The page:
Tuesday, May 20, 2014

Horse Hypochondriac

I'm a bit of a horse hypochondriac.  I worry so much about 'reading' my horse that I tend to always think he's got something wrong.

Yesterday while I was brushing him, I noticed some bumps on his back.  Could be bug bites or could be from the nibbling/grooming he's been getting from his pasture mate.  She's currently in season and spends her time nibbling on Licorice and hoping he'll nibble her back.  Mares.  :)

Then, while I was riding his back legs gave out.  This normally happens at least once while we're warming up and sometimes after we have cantered.  He's still figuring out how to use his rear end and I'm still figuring out how to help him.  However, this time it happened twice in a row at the trot and kind of freaked me out.  And his contact was inconsistent, so I worried that he was lame.  I cut my ride short since I didn't want to make things worse if he was off and I couldn't tell.

Then, while he's hanging out in the crossties he had one nostril flared and it was just stuck there.  Like he had a horsey stroke.  It stayed there for a good five minutes, completely flared and wrinkled.  Then it went back to normal.

What I want to do is figure out how to get an education on these things.  Sure, I can go ask my trainer if he looks okay.  I will have her check him over on Wednesday.  When I put him back in turn out, he drank some water and ate some hay and looked happy enough so I wasn't concerned about him right then.  But what about my education?

I want to know how to tell if a horse is lame.  I get it in theory, but I can't actually tell.  How do you tell when a horse is sick?  Can horses have strokes?  How do you tell if it's bug bites or love bites?

Does anyone know where you can get an education on this?  I know my trainers will answer my questions when they can, but I also know they don't have time to go over all of this with me and they're usually teaching lessons.  I wonder if anyone has come up with an online course about this.  Like an online Pony Club course.

I'm off to Google it now.

Also, though I was pondering what life would be like at this barn five minutes from my house, I'm not looking to make a change yet.  I think instead I want to focus on my goals of 1. getting off the farm  2. getting outside  3. getting more confident and to do those I don't need to switch homes.  And don't tell anyone because I don't want the pressure, but we've started practicing Training Level 2 and might consider showing next year... Streeeeetchy circle!


  1. If he were mine, I'd test for Lyme (use the Cornell test) and EPM (use the Pathogenes test) - the other tests aren't nearly as good but some vets still use them. I don't think you're a hypochondriac at all - those tiny things are important, particularly if you know your horse. Stifle catching/toe dragging is a common EPM symptom and can also occur with Lyme. The weird nostril, one side only, is also the sort of thing that can happen with EPM. Both diseases are way more common than most people (and some vets) think. Both are treatable - there are a number of good antibiotic treatments for Lyme, and there is a new, more effective, EPM treatment (Pathogenes again) that was in FDA approval last I heard but your vet would be able to get access to the medication.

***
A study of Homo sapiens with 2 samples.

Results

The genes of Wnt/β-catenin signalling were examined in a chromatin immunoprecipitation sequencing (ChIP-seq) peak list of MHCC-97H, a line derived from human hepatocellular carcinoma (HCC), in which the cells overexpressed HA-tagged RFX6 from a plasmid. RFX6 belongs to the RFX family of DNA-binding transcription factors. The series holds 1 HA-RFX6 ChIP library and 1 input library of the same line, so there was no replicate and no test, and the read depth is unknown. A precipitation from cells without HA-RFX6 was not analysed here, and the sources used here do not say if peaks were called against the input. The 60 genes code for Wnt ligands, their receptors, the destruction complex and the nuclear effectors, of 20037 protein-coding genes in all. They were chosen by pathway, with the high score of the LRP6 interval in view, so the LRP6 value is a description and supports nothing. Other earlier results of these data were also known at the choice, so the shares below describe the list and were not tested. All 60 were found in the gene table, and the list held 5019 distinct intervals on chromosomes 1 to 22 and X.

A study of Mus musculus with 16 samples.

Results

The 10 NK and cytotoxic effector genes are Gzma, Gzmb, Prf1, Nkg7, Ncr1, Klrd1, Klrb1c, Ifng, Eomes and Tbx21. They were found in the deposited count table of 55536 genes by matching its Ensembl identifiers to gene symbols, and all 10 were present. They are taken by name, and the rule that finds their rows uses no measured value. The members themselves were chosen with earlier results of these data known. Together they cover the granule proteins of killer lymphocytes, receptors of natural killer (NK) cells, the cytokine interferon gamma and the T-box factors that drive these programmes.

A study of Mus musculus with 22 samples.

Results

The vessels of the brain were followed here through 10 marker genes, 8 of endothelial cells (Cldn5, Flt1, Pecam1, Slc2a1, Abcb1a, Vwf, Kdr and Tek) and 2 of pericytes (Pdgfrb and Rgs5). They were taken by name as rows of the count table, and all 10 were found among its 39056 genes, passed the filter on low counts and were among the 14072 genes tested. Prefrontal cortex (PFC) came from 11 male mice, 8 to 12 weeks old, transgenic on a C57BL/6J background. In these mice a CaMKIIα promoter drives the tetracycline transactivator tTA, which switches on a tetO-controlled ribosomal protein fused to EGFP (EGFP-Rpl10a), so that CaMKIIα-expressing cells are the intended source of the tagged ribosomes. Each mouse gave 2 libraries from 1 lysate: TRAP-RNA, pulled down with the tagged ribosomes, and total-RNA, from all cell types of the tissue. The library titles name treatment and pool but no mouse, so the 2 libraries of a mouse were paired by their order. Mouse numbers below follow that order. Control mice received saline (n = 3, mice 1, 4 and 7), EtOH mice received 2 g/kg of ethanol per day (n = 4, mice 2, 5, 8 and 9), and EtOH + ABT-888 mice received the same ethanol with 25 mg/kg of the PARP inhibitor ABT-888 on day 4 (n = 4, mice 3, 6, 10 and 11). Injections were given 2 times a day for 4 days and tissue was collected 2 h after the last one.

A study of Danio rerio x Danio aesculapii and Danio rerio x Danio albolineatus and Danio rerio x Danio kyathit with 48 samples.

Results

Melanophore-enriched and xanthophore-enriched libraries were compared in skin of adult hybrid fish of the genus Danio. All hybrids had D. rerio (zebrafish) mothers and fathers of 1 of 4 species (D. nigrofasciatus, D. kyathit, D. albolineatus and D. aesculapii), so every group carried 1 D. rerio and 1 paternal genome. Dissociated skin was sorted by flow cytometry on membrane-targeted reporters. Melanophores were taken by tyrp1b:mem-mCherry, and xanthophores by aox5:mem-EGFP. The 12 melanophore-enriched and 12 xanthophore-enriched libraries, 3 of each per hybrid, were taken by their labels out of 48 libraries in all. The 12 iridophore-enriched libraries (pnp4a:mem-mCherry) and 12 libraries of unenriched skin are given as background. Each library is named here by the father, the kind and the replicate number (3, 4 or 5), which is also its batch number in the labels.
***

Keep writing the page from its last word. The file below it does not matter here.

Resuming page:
A couple of questions: any oddness in stance, say in cross ties? Any difficulty picking feet - horse doesn't want to lift a particular foot (because doesn't want to risk balance)? Any oddities on tight turning test or foot placement test - these are simple tests you can do yourself that will often pick up neurological abnormalities.

    I have a Lyme and EPM page on my blog with lots of details. Also feel free to contact me directly if you have any questions.

  2. Well...I think experience is the number one teacher. Usually owning horses at home or working at a stable for many years can give you this. If you weren't able to experience this...ask someone you know and trust. Read through archives on Chronicle of the Horse forum, blog posts, etc.

    I wouldn't worry about his nose, I would however have the vet do a once over - especially neuro check on the legs giving out.

  3. Agree with T Myers that experience and time are the best teachers - that and going with your gut instinct. If you think a symptom warrants having the vet out, do it!

    Lameness is a hard one to diagnose...I can tell when my mare is off by watching her go or riding. But to pin point which leg or foot is off is tough.

    Working toward a show is great :) It gives you a goal to shoot for and you can totally do it!